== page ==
Students and staff at Floyd Elementary were so riveted by the skills of world class archery expert Bob Markworth on Sept. 9, school officials are now planning on implementing the sport as part of their physical education curriculum.

Markworth was the featured performer during last week's special assembly, where the archer thrilled students as he performed one death-defying challenge after another.

He's also scheduled to perform at Pahrump's annual Fall Festival beginning next week.

Floyd physical education teacher Lance Englund said Markworth was a natural with the students, who were also taught a few history lessons during the performance.

Englund noted viewing the performance was akin to watching Markworth perform on television, when the archer was invited to compete on the nationally televised talent show, "America's Got Talent," last season.

"I thought he was wonderful and very entertaining," Englund said. "He talked about the history of archery and had numerous different styles of bows to show the kids. He spoke about the need to practice and stay in shape to be an athlete. He also talked about the safety aspect of archery, which was equally important."

With an assortment of bows and arrows in hand, Markworth was able to capture and maintain the students' attention in mere seconds, while it would take a teacher several minutes to do the same with a textbook in hand.

Englund said he's now working on a way to incorporate the sport of archery at the school, as a result of the well-received performance.

"The previous PE teacher at Floyd Elementary had an archery unit for her classes and I plan on doing the same thing when it cools off this fall," he said. "The students just loved it and it was like sitting in the front row at America's Got Talent. I know they are excited to see Mr. Markworth at the Pahrump Fall Festival this year."

Though Markworth's performance last week provided plenty of assorted tricks, he noted he's saving some for next week's Fall Festival routine, where he will perform several different shows during the five-day event.

"It will be about a 10-to-12 minute program with music so it's kind of a schmaltzy thing," he said. "I love humor because I feel that it's very important. I've been all over the world and there's sometimes a language barrier but when you use laughter there is no language barrier, because it's universal. If you made a person laugh, that means they have enjoyed your company and you've enjoyed theirs."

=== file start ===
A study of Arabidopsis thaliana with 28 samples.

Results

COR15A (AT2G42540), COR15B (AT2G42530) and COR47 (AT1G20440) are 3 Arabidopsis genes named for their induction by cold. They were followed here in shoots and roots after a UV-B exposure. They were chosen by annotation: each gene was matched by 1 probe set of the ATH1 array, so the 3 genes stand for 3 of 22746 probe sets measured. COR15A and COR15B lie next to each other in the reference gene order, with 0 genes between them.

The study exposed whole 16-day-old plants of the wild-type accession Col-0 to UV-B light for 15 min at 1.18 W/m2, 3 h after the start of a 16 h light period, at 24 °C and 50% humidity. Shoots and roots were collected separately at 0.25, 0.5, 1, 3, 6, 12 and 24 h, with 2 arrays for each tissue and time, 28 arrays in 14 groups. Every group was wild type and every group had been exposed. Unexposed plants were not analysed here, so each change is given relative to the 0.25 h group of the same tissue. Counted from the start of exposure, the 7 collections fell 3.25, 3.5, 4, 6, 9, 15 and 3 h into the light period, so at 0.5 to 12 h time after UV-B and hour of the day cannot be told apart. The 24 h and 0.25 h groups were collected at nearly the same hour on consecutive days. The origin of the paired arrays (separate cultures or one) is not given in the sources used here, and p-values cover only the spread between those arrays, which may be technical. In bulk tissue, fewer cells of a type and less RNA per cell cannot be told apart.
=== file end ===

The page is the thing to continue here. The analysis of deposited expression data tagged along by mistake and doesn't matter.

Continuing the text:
Humor aside, Markworth said he expects his Fall Festival performances will focus on variety.

"A lot of the shots that I will perform I will change them up and alter them so the people who have already seen the show can come back and see different things during the next show," he said. "I try to make it as interesting as possible so I save the exciting stuff for the end of the program."

Joining Markworth on the Fall Festival stage is his ever-present assistant Mayana, who routinely takes part in the more challenging routines, which Markworth noted are never routine.

"She's new and she's also a contortionist, a great dancer and a showgirl," he said. "It's a pleasure working with her because she is so very professional. Her real name is Julie but I use a generic name for the girl that works with me on stage, so it's always Bob Markworth and Mayana."

While performing at the elementary school, Markworth said he was so pleased at the reception, he's now making plans to visit other schools in the community to teach and perform his skills.

"I develop a program that kids really like because I mix the entertainment with the history of archery as well as teaching them how to shoot," he said. "Of course I provide overtones of anti-drug ideas to tell the kids. I've already contacted the high school and the middle school and I'm still trying to contact the other elementary schools."

Floyd Elementary students will also receive a bonus from Markworth during the Fall Festival.

When he's not performing, he'll have an archery booth where attendees old and young can test their skills with the bow and arrow.

"It's a shooting booth and both adults and kids can shoot," he said. "It'll cost just $5 and they can win prizes. The kids that come with their school ID and tell me they saw my show, I will give them an extra few rounds to shoot or an autographed photo. I have some projects which involve Pahrump where I may open up an archery range where archery is available to every age group within the community."